A couple embarks on a journey home for Chinese new year along with 130 million other migrant workers, to reunite with their children and struggle for a future. Their unseen story plays out as China soars towards being a world superpower.
Adventurers, exotic fruits fanatics and even movie star Bill Pullman, are the subjects of The Fruit Hunters, the new film from acclaimed director Yung Chang. A thrilling journey through ... See full summary »
A documentary on the effect of fishing the Nile perch in Tanzania's Lake Victoria. The predatory fish, which has wiped out the native species, is sold in European supermarkets, while starving Tanzanian families have to make do with the leftovers.
Elizabeth 'Eliza' Maganga Nsese,
Raphael Tukiko Wagara,
A luxury cruise boat motors up the Yangtze - navigating the mythic waterway known in China simply as "The River." The Yangtze is about to be transformed by the biggest hydroelectric dam in history. At the river's edge - a young woman says goodbye to her family as the floodwaters rise towards their small homestead. The Three Gorges Dam - contested symbol of the Chinese economic miracle - provides the epic backdrop for Up the Yangtze, a dramatic feature documentary on life inside modern China. Written by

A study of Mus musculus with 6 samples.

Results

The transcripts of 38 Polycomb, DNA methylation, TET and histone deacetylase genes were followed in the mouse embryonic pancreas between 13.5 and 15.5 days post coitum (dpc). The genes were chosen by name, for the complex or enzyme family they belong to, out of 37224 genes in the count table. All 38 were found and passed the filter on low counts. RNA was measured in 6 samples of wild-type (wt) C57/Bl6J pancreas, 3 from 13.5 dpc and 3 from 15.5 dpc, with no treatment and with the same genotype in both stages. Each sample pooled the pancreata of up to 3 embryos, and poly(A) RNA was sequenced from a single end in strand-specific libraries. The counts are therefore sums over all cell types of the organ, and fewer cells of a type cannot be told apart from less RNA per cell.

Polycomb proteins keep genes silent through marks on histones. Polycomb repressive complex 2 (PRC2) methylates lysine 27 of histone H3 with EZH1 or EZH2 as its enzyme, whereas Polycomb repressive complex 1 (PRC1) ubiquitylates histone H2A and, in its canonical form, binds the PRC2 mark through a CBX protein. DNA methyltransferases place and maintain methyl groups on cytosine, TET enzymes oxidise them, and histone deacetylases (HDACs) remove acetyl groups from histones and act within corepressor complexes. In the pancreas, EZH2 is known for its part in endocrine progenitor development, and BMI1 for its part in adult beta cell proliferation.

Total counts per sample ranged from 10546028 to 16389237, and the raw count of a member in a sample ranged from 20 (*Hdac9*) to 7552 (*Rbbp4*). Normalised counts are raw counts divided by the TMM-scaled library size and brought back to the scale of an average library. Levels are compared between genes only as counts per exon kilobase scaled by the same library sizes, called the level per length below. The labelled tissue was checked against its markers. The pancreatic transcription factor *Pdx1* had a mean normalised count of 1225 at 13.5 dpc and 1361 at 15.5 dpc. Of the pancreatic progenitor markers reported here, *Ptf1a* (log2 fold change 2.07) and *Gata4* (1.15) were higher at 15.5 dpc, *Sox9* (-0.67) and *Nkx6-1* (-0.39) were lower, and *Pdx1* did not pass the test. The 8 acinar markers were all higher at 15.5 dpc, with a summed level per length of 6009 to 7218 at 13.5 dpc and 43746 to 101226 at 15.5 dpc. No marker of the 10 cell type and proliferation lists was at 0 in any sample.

National Film Board of Canada
This cinema masterpiece is experience of Chinese not westerner story. I hope you will go to take in this experience and learn more about middle kingdom. This movie is fair and shows piece of Chinese life. Do not miss this masterpiece. It made me laugh it made me cry. It made me think about my homeland.
this is from variety Asia online: "If the title "Up the Yangtze!" suggests "up a creek!," it's no coincidence. China's Three Gorges Dam is considered by many experts to be a full-steam-ahead eco-disaster, but helmer Yung Chang's gorgeous meditation is more concerned with the project's collateral human damage: old farmers evicted, young people in servitude to Western tourists, all brought about by an endeavor whose collective weight may ultimately tilt the Earth's axis. A gloriously cinematic doc of epic, poetic sadness, "Yangtze" should be a hit on the specialized circuit and could break out, thanks to its embrace of irony rather than righteous indignation."
i think this review is right. i'm very happy for this film and i think, as a Chinese, it is important to see all of the sides of our story. that way we can grow to learn to be better.